The residential construction and remodeling industries are continuing to grow, and since attractive, durable, low-maintenance vinyl siding is the exterior cladding of choice.
Vinyl is one of the most popular maintenance-free siding materials for new construction. It’s also one of the most manageable siding materials for do-it-yourselfers to install. Large home centers carry several styles and colors and most of the trim, accessories, and tools you’ll need. Even more styles and colors are available at specialized building material suppliers.
It’s not hard to learn the steps for installing vinyl siding. The biggest challenges for do-it-yourselfers planning the layout and installing the proper trim for each area.
The thickness, or gauge, of the vinyl is the key to its durability and cost. The thicker the vinyl is, the longer it lasts, the better it withstands damage, and the more stable it is. Of course, the thicker the vinyl is, the more it costs. The siding sold in most home centers is .040″-.045″ thick. Premium brands are available up to .055″ thick.
Since vinyl siding is intended to imitate wood lap siding, it is available in several profiles. Most common is a piece that imitates two courses of wood siding, with an exposure of four or five inches each. These are called D4 or D5 (the “D” stands for “double”). A variation is a “Dutch Lap” style (D5DL) which has the shape of a traditional dutch lap wood siding. A profile with three courses of 3-inch siding (T3) is also common.
Vinyl generally comes in a range of light to medium colors. Darker colors tend to fade and are generally not available.
On new construction, siding is installed over the wall sheathing. On older homes, vinyl can sometimes be installed over the home’s current siding. Keeping in mind that vinyl needs to be nailed into solid wood, so if the home has aluminum siding or older vinyl siding, these will probably have to be removed. Going over existing wood siding or stucco is possible, although, it’s sometimes necessary to install vertical furring strips first.
If you tear off the old siding and apply new siding directly over the wall sheathing, you can improve an existing home’s insulation and weatherization before you re-side. Fiberglass, cellulose, or foam insulation can be blown or injected into the wall cavities. House wrap or sheets of foam insulation can be applied over the sheathing.
House wrap is typically used on new construction. It seals a house against air infiltration but still allows the walls to breathe. It cuts down on drafts and air leaks, but it doesn’t trap moisture inside the walls. House wrap comes in large rolls and is stapled to the sheathing prior to installing the windows or doors. The seams are sealed with a special tape.
For existing homes, a common technique for preparing the wall surface for siding is to apply a thin layer of fan-fold foam insulation. The foam used is typically from 1/4″ to 3/8″ thick and comes in sheets that are 4 feet high and 50 feet long. The foam adds an tiny amount of insulation (not much more than R-1). It’s really there to help even out an irregular surface so that the siding will lie more flat. It also adds some degree of protection against air infiltration (but not as much as house wrap).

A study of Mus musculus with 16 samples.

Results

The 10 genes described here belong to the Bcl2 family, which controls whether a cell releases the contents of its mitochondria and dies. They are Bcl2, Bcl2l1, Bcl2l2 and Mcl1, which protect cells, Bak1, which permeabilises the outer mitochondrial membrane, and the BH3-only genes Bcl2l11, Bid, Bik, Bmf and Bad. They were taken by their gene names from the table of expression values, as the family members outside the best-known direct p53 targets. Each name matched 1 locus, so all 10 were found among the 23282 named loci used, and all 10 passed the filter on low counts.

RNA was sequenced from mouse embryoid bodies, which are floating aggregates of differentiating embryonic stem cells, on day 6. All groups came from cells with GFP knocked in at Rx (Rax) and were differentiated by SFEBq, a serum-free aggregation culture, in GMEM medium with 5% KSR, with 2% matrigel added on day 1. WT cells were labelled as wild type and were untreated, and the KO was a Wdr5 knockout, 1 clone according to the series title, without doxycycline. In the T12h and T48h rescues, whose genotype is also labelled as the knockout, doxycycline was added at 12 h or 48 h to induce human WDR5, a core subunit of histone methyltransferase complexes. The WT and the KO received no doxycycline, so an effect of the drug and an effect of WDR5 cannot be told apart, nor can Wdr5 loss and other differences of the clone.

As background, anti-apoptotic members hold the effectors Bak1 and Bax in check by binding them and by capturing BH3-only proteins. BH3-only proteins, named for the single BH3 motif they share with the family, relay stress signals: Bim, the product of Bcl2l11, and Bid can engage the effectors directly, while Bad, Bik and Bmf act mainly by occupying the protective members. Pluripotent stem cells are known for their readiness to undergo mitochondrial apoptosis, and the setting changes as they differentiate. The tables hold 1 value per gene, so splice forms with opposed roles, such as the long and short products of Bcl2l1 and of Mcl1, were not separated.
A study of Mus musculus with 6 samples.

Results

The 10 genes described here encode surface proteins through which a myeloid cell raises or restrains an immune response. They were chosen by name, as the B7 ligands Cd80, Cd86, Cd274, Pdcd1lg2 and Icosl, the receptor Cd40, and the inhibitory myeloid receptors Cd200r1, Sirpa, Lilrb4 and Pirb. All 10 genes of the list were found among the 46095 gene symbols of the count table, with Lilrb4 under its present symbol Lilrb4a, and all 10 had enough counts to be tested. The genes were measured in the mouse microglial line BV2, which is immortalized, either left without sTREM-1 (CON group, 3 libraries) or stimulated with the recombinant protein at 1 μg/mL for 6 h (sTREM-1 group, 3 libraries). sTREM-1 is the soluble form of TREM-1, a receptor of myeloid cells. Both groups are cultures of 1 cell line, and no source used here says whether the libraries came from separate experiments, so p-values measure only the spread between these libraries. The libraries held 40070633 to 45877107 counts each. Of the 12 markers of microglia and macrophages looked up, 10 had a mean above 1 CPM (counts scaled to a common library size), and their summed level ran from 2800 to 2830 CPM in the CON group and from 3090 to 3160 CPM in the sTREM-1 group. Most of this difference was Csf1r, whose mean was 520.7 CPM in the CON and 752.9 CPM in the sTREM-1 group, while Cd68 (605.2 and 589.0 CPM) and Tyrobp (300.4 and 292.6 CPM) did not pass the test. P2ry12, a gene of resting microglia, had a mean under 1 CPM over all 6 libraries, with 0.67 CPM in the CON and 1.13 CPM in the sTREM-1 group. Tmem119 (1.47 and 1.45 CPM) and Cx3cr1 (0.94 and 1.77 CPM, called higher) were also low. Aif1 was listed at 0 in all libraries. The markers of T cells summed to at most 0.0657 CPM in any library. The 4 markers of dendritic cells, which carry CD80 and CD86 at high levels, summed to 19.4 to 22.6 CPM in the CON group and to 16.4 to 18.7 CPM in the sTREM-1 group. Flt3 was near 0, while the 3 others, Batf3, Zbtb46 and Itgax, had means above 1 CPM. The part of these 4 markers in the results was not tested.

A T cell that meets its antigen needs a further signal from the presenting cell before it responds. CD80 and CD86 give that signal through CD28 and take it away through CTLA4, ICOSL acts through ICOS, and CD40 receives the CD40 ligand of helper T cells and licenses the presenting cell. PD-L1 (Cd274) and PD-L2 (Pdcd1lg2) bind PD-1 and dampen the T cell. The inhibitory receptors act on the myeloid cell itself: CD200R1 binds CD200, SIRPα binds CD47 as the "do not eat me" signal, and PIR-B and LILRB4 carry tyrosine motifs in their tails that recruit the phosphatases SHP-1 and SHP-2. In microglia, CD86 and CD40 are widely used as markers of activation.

There are certain guidelines for the layout of a siding job, whether it’s vinyl, wood or any other horizontal siding material.
The rows, or courses, should line up all the way around the house, around every corner. The courses of siding should be level. However, if the house has settled or there are parts of the house that that aren’t perfectly level (such as soffits), it might be better have the siding be parallel to the house (even if this means the siding won’t be perfectly level.)
Try to avoid having thin pieces of siding under windows, doors or soffits.
Houses that change levels—such as walk-outs or split-levels—pose particular layout challenges. If you start with a full course along the bottom in one area, as the level changes up or down you may end up with less than a full course along the bottom in other areas. In this case, you’ll want to pick the most prominent, visible area of the house and start with a full course there, and let the cuts fall where they may in other areas.
One of the beauties of vinyl siding is that you can cut it with inexpensive hand tools. Large-bladed tin snips can be used to cut the pieces of siding to length. Smaller aviation snips are best for cutting trim pieces to precise lengths and shapes.
That’s not to say that there aren’t power tools for the job, too. A standard circular saw fitted with a fine-toothed plywood cutting blade will cut vinyl cleanly and quickly. (It works best to put the blade in the saw backwards.) Professional siding contractors usually have a power miter saw on a large stand to make cutting go faster. Amateurs can build something similar on top of a sheet of plywood or OSB with some scrap 1-by and 2-by (as seen in the image on the right).
Long, horizontal cuts in vinyl are made by scoring the cut with a utility knife and bending the piece back and forth until it breaks along the score mark.
Vinyl expands and contracts with changes in temperature, so how the vinyl is secured to the house is important. It can’t be secured firmly—it has to be able to move. So you don’t really attach the vinyl to the house—essentially, you hang it.
You generally need galvanized roofing nails, at least 1 ¼” long (or long enough to penetrate ¾” into solid wood studs.
All vinyl siding and accessories come with slots to nail through. When you nail, you don’t drive the nail tight. Some manuals specify that there should be a 1/32″ between the head of the nail and the siding, but there’s no need to check each nail with a micrometer. If, after you’ve nailed it, the piece of vinyl will slide back and forth, then you’re OK. If not, you’ve pinned it too tight to the house.